Tax-prep-service provider H&R Block has little intention of posting a positive fiscal-second-quarter-earnings figure because it's one of the most seasonal shops in town. Still, while investors and analysts expected a loss, this one came in worse than estimates, if a little better than last year's comparable quarter. The company has struggled with the divestiture of its savings and loan business -- a segment that management wants to leave behind for an easier regulatory environment. H&R Block's earnings miss shouldn't concern existing investors much, as it was a necessary charge for improving long-term prospects for the business, but investors should keep a close eye on competition, as this is yet another space that faces intense disruption.
Revenue slipped slightly from 2012's $137.3 million to $134.3 million. Analysts wanted sales closer to $138 million. The company actually saw some compelling results for the traditionally weak quarter, including improved interest income from its various personal and small-business tax services. The overall drop in service revenue was due to timing -- not a drop in demand.
Margins looked a bit crunched, though, as operating expenses rose roughly 4% to $315 million based on higher marketing spending and some compensation benefits.
At the bottom end of the income statement, H&R Block lost $104.9 million -- $0.39 per share. This comes in as a negligible improvement from last year's loss (the same on a per-share basis), and a penny worse than analyst consensus for the quarter.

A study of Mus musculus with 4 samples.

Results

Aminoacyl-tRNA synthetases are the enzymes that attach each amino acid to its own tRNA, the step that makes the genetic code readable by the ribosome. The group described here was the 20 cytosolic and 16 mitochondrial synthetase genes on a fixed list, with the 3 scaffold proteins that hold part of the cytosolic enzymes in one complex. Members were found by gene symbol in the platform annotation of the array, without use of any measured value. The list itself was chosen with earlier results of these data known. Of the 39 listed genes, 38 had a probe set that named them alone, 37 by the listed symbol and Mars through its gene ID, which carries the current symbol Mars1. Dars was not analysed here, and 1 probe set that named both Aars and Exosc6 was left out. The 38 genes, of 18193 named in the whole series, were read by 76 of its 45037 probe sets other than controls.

As H&R Block is able to put its banking segment into the rearview and arrange a partnership with a lender to enhance its business-services segment, earnings may become less lumpy and less wholly reliant on the first four months of the year. To go a step further, business services may be the future of the company.
H&R Block's personal-tax-preparation services are far more expensive to provide than Web-based services such as Intuit's TurboTax and Blucora's TaxAct products. Both have nailed down their respective markets -- higher- and low-end markets, respectively. H&R Block has its own Web-based tax preparer, but it's facing very difficult and well-established competition in the space. For this reason alone, investors should tread carefully into the stock.
H&R Block's service is priced similarly to TurboTax, while TaxAct offers a cheaper, slimmed-down version of the two. TurboTax is the leader in the segment, with an army of top reviews and arguably the best user experience.
At 13 times earnings, H&R Block is more expensive than Blucora, which has just as good if not better growth prospects. The former does, however, trade at a decent discount to Intuit's 18.6 times earnings. Still, with a threatened business model and fair valuation, H&R Block isn't an attractive buy today.